Dear Loyal Co-Workers,
QUOTE OF THE WEEK: “Lack of direction, not lack of time, is the problem. We all have twenty-four-hour days.”
AN ELEPHANT NEVER FORGETS…but I did. I spent most of Saturday in Arusha and only at 11 pm when my head hit the pillow did I think about the weekly report which was supposed to be written and sent on Saturday. WHEN AT FIRST YOU DON’T SUCCEED, TRY, TRY AGAIN.
ON THE ROAD AGAIN. The TZ2000 Mission Team director, Cy Stafford, his wife (Stephanie) and mother-in-law (affectionately called “Granny”) left this past week headed to the states to report on the progress in East Africa. Many who receive this report will be privileged to hear updates face-to-face regarding all the different aspects of the TZ2000 Mission work and how this one-time dream has become a reality.
LADIES BIBLE CLASS. Trina completed studies on Genesis 1-25. It is the plan to review (asking questions, etc) as we did today to “cement” the learning. The Ladies seemed to enjoy it and it was encouraging to hear their answers, showing the knowledge gained over the past year.
JIMMY...continues to teach the Gospel of John on Sunday mornings (chapter 17 today). His study with Ammon and his wife on Saturday went well. However, concerning baptism, Ammon said (in reference to Jimmy’s sermon last week about listening to God and not man) “Lutherans say there was not enough water in Israel long ago and therefore Christians did not use a lot of water. Sometimes they just sprinkled water on people’s heads and sometimes they even threw dust on them.” Luke 6:46 “Why do you call Me, ‘Lord, Lord,’ and do not what I say?”
AGNESS RETURNS. Many of you will remember a very sweet Christian lady who was converted several months ago (6 days before giving birth to her first child, Joshua). She was very faithful in her attendance, even going against the local tradition of staying home for the first 3 months after giving birth. However, a few months after becoming a Christian her husband, Burtwell, decided that she and Joshua needed to go live with a woman cousin (about 10 hours away). We have seen (and heard of) this practice on several different occasions and we are still somewhat baffled. When we asked Burtwell about it, he replied that “Agness didn’t have anything to do.” To which we replied with a laugh (although it was serious), “You’re telling us that a woman who has just had a baby has NOTHING to do?” Our TZ friend told us later that what he meant was, “There isn’t a job here that she can do.” So we suppose she was going to the cousins’ house to help her in some way and the cousin would “support” her there with food and possibly money for any medical care her baby would need. What we have seen is that sometimes when a baby arrives, the husband no longer wants the responsibility/stress/financial burden that comes with that precious little bundle so he ships the wife off to a relative. Finally, Agness has returned and has reunited with the church family in Kisongo. However, she has missed some services so we are hoping to encourage her more.
MARRIAGE SEMINAR IN MAY. Yes, you’ve heard us mention this several times and everyone at the church seems excited. In anticipation of it, it was requested that the married couples begin to sit together (only about 3 couples at present were doing so). It was announced that it would be “practice” for the upcoming seminar. Surprisingly, most couples seem happy to do so (at least the women seem to be) as if they needed a good reason, excuse or permission to do so. It was strange to Trina but the question was asked in the ladies class, “What about the single people or married women whose husbands do not attend? Won’t it make them feel bad?”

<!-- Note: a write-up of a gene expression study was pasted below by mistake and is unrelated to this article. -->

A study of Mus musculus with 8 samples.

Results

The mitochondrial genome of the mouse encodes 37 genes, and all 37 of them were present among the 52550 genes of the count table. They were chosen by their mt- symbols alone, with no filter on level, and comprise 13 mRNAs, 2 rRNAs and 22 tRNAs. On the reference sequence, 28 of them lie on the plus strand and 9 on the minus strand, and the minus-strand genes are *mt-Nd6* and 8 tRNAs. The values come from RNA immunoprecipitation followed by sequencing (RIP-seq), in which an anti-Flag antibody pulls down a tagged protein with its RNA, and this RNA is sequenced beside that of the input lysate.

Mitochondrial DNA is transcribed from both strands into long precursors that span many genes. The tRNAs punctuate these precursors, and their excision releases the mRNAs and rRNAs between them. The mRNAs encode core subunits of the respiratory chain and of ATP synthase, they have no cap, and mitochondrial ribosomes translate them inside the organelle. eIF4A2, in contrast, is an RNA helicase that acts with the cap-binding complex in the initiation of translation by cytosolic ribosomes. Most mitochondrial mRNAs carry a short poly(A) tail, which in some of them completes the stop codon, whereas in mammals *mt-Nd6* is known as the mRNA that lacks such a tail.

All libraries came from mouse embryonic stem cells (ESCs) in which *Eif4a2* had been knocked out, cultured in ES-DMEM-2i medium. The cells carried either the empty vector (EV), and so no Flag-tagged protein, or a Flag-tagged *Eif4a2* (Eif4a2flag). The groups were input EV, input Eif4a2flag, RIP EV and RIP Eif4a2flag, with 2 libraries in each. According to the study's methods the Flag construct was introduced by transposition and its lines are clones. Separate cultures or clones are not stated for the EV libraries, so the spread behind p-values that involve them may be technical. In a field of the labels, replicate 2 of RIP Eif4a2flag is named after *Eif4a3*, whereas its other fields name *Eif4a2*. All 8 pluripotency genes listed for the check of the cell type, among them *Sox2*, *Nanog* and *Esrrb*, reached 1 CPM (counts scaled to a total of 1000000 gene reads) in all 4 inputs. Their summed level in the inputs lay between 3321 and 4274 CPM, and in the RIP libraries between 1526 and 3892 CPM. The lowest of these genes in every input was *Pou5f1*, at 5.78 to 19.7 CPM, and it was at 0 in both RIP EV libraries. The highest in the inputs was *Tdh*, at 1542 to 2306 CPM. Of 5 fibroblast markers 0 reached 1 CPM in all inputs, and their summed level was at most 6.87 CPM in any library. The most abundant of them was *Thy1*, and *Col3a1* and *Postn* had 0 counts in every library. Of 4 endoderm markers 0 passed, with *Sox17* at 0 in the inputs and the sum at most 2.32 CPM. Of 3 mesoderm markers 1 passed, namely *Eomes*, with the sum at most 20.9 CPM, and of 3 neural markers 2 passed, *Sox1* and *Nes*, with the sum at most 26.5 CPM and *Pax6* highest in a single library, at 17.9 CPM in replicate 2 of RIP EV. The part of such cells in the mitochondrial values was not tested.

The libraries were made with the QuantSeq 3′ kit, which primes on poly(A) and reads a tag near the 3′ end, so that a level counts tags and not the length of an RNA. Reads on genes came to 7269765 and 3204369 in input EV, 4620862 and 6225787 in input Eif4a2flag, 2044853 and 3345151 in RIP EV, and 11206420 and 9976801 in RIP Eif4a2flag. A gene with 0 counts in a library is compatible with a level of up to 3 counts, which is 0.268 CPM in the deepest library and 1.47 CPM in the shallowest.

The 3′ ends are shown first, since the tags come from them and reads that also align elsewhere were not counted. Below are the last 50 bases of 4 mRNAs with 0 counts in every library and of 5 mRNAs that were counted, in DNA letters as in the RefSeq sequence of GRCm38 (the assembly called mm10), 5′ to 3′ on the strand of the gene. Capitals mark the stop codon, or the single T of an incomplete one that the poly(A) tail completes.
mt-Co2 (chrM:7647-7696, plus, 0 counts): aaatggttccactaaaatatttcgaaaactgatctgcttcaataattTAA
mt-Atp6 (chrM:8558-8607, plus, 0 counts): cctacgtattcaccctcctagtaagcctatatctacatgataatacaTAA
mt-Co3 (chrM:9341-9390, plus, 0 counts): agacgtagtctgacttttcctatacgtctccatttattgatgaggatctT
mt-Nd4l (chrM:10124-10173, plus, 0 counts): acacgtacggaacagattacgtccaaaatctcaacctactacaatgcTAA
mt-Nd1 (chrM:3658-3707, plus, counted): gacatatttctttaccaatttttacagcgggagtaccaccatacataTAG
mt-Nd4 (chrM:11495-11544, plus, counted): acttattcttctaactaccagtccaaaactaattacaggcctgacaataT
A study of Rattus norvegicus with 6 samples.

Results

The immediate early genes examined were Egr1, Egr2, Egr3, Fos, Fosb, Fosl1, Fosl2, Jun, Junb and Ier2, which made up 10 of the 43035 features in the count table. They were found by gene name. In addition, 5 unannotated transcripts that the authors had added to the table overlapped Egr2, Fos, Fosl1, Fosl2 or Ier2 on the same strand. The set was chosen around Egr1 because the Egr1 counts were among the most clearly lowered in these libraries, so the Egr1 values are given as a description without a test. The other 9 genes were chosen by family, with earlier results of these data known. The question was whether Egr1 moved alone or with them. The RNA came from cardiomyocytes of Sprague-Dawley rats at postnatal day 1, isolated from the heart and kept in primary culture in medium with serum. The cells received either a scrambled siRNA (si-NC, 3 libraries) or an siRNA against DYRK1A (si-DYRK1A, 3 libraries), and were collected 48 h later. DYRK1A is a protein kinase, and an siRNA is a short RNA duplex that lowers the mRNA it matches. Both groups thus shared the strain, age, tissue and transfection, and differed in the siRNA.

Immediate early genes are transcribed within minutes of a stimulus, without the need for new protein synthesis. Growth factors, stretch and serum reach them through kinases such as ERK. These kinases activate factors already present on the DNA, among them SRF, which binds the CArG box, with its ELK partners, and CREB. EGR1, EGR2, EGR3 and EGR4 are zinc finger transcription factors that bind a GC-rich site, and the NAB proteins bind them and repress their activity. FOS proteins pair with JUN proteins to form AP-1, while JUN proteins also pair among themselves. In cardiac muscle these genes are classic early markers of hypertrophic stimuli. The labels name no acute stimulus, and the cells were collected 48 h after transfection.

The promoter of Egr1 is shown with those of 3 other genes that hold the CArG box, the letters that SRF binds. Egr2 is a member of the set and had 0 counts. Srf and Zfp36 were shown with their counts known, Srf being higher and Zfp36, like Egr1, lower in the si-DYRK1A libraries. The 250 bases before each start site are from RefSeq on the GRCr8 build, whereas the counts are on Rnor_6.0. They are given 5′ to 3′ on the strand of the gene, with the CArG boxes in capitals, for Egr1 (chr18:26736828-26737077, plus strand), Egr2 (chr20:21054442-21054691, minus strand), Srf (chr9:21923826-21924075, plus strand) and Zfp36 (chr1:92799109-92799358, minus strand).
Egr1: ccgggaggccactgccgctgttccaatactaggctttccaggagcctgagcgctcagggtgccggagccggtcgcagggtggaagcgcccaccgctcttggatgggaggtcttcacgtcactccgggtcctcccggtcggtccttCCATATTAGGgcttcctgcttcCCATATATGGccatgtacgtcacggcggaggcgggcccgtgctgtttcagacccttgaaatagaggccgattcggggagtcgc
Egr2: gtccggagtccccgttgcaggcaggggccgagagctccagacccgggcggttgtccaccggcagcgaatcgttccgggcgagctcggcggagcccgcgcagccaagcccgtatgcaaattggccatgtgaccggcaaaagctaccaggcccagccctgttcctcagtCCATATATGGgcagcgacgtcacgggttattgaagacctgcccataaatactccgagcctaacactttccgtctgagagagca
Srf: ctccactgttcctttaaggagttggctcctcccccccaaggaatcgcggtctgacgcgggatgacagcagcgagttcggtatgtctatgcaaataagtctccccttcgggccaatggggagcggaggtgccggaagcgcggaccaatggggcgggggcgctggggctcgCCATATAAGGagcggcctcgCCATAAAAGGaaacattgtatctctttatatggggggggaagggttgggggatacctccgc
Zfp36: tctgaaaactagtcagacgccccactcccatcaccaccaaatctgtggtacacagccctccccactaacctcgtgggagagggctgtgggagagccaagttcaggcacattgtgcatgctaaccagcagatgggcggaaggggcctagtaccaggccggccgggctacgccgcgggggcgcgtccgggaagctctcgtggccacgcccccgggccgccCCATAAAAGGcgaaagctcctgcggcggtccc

THEIR THOUGHTS ARE NOT OUR THOUGHTS. If there’s one thing we’ve learned about Africa, this is one of them. Ha/ha Oh, people are people wherever you go…same feelings, same needs, etc. However, take for instance “taste” in furniture or décor. Trina decided (with Jimmy’s permission) to sell some of the present furniture and replace it with some dhow furniture made from boats used on the coast. This furniture is very sturdy and rustic and Trina can finally live out her dream of “Little House on the Prairie…in Africa.” We bought a dhow coffee table and after several Tanzanians looked at it, they laughed and said, “If you set that out by the road, no one would take it” and “This is just firewood. We need to take an axe to it!” It was all hilariously funny concerning the differences in “taste.”
GROW IN GRACE AND KNOWLEDGE. Lindsey continues to teach Therasia. Their last study was “How We Got the Bible.” Therasia is no longer working in the shop in Arusha (she quit due to moral reasons) and we have decided to give her a job with us. It is a win-win situation because we can always use extra help in the house and the small salary would mean so much to her. She’s a diligent worker, kind, honest and willing to help.
ACSOP. Jimmy will be teaching a Greek Readings class for the Master's students this week. Then, on Friday evening we are expecting Ted Cherry (Navasota, TX) to arrive to teach two more weeks of Master's classes. Then, after those classes are finished, we will take in a new Swahili class and continue with the second year of studies for the English class, if God is willing. We presently have 22 new students lined up for the new intake. Our goal is 30. We are still in need of support for these students. If you can help with the needed $200 per month, in whole or in part, please send it to the Kensington Woods congregation (the address is on the first page of this report) marked “ACSOP - Student Support.”
FROM OUR HEARTS TO YOURS…Thank you for your desire to see this work prosper and grow. Thank you for all the prayers! It is amazing what can be accomplished when people work together.
To view the Gee report, complete with pictures, please click here.